We need to stop denying our young people their rights
I regularly meet lots of the young people in Wirral. They’re passionate about such a wide range of issues – from the cost of local buses and their education, to climate change and international affairs.
The time has now come to give 16 and 17-year-olds a say on the issues that affect their lives.
We often hear people say they don’t understand politics. But this can’t be said of the younger generation, who are the first to receive a proper education in citizenship and democracy.
They understand what’s at stake. We’re teaching them how to be a full and active citizen but not letting them take part.
Most of us are quite happy to allow a 16 year old to serve us in a shop or to help protect us in the Army. We allow them to get married, have sex, pay taxes and drive cars.
Yet we are stopping them from having a say in how their taxes are spent or what direction our country goes in. Imagine how frustrated and angry you’d be if you were denied the same rights.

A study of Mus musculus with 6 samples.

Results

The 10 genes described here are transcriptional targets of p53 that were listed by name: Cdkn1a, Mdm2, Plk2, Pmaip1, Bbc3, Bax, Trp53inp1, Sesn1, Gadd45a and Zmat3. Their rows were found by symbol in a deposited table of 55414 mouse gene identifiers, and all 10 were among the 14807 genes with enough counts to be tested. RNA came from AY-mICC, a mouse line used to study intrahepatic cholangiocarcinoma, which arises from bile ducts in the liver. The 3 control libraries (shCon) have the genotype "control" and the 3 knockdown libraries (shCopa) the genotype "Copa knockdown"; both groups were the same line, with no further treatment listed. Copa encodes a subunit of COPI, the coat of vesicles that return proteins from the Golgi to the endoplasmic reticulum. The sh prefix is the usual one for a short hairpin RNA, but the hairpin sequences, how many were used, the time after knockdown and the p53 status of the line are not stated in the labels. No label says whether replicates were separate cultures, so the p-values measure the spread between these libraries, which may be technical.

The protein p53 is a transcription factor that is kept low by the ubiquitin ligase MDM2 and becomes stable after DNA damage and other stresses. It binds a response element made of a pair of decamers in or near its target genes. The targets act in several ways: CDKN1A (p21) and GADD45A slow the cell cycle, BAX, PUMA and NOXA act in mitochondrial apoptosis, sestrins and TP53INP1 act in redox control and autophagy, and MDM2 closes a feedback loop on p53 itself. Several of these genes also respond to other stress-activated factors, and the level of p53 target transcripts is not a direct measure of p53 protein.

Shortly we are going to decide whether Britain stays in or leaves the EU. This decision matters – it matters to our jobs and prosperity, and its impact will be felt for decades.
It would be so wrong to prevent the our young people whose future we are talking about from having a say in this decision.
Last year, 16 and 17 year olds were allowed for the first time to vote in the Scottish Independence Referendum. Three-quarters of them did.
This proves young people can and will engage when given the opportunity. That’s why I am pleased that Liberal Democrat MPs voted to amend the bill on the EU referendum to give 16 and 17 year olds the vote.
Liberal Democrats have actively supported changing the law on this issue for over ten years. Now there is growing support throughout Parliament and the Conservative Government must listen to us and stop denying young people a voice.